As temperatures surge, sea levels rise with it. This is because melting ice sheets add to total water volume. By 2100, water levels could rise 32-68 inches.
Coral reefs are biodiversity hotspots for ocean life. Remarkably, about 1/4 of marine species reside in them. So the spotlight is on coral reefs for protection.
Oceans are salty because runoff transports minerals and salts from the surface. When ocean evaporates from heat, salt remains in the ocean and water rises.
When it rains, water zig-zags all the way through a tributary system to a river or lake. Like an upside-down umbrella, a watershed catches all rain water.
We’ve mapped 100% of oceans at 5 km resolution using satellite radar. We’ve mapped 20% with bathymetry sonar. But nearly 80% of oceans have gone unexplored.
Seismometers always record periodic noise. Once mysterious in nature, we attribute Earth hum to ocean waves crashing into continents, vibrating like a bell.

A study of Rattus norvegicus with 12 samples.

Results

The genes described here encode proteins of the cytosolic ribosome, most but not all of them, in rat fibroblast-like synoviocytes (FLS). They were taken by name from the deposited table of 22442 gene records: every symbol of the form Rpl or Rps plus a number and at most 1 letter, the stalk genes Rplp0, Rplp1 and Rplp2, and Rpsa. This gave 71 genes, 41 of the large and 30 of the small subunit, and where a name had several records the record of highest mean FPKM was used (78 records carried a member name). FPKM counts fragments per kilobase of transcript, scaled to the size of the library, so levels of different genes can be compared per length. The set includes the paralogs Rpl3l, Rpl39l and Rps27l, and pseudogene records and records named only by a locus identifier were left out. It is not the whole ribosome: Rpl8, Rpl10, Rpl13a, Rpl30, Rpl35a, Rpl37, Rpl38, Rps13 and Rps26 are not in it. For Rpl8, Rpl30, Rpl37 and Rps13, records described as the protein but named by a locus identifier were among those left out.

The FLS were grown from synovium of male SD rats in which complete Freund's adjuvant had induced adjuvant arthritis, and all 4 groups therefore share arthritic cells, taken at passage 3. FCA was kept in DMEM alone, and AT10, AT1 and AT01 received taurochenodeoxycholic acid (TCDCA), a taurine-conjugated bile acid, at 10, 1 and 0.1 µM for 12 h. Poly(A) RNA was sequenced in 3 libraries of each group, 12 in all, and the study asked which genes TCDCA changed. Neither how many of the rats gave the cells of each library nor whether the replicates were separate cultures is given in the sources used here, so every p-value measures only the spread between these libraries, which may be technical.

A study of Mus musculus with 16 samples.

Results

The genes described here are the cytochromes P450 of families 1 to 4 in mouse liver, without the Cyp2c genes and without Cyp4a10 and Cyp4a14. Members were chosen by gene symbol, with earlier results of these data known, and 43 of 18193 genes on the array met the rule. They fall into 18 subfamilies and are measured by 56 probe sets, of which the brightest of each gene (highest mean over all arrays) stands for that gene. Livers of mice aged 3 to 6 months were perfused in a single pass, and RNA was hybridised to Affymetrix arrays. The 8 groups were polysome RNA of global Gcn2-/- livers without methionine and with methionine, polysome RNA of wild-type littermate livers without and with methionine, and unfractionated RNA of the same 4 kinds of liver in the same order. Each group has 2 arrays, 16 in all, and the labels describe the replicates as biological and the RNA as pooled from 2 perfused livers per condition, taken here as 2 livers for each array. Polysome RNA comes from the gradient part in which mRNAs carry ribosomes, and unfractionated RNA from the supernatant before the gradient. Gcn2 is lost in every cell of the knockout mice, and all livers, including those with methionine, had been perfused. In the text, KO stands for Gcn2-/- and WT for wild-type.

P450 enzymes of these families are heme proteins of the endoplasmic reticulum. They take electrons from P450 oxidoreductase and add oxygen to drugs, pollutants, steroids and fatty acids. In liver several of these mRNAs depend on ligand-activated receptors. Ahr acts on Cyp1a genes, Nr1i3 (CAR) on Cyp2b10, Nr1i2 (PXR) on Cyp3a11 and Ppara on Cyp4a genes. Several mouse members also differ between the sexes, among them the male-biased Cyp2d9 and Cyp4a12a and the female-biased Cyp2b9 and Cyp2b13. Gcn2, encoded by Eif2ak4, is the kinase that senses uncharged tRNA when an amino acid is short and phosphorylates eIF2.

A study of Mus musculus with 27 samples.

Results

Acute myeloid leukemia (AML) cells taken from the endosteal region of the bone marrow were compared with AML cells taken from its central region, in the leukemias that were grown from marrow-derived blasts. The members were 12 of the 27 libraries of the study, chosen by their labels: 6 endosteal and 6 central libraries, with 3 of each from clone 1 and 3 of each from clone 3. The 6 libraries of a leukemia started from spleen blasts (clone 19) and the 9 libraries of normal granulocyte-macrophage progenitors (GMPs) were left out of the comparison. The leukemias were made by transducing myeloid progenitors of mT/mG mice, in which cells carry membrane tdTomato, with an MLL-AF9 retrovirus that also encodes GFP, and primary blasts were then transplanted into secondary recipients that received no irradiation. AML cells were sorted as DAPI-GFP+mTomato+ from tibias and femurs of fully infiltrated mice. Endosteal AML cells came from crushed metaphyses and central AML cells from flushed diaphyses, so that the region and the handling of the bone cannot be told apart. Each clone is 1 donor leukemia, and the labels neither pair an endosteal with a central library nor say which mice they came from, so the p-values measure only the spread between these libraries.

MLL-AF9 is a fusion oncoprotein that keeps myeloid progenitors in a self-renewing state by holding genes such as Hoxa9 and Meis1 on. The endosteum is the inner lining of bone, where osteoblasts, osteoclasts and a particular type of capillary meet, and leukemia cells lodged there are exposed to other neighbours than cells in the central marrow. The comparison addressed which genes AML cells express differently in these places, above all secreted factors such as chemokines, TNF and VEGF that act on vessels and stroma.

Because water is extremely versatile, it changes phases rapidly. The states of water are gas, liquid and solid. Water cycles through these phases in nature.
When the moon is close to Earth, its gravitational pull stretches the side it’s facing. Because oceans hold a set amount of water, levels rise in one area.
Water is in the ground, on the surface, in the air and in our bodies. But how much global water distribution is in glaciers, groundwater, rivers and lakes?
The hydrologic cycle describes how water moves continuously in nature. From evaporation, condensation and surface runoff – water is always in motion.
2 theories exist for the origin of water on Earth: Did comets transport water? Or was there degassing from volcanoes from rocks existing within the crust?
Since the year 2000, the International Hydrographic Organization (IHO) started recognizing 5 oceans: Pacific, Atlantic, Indian, Arctic and Southern Ocean.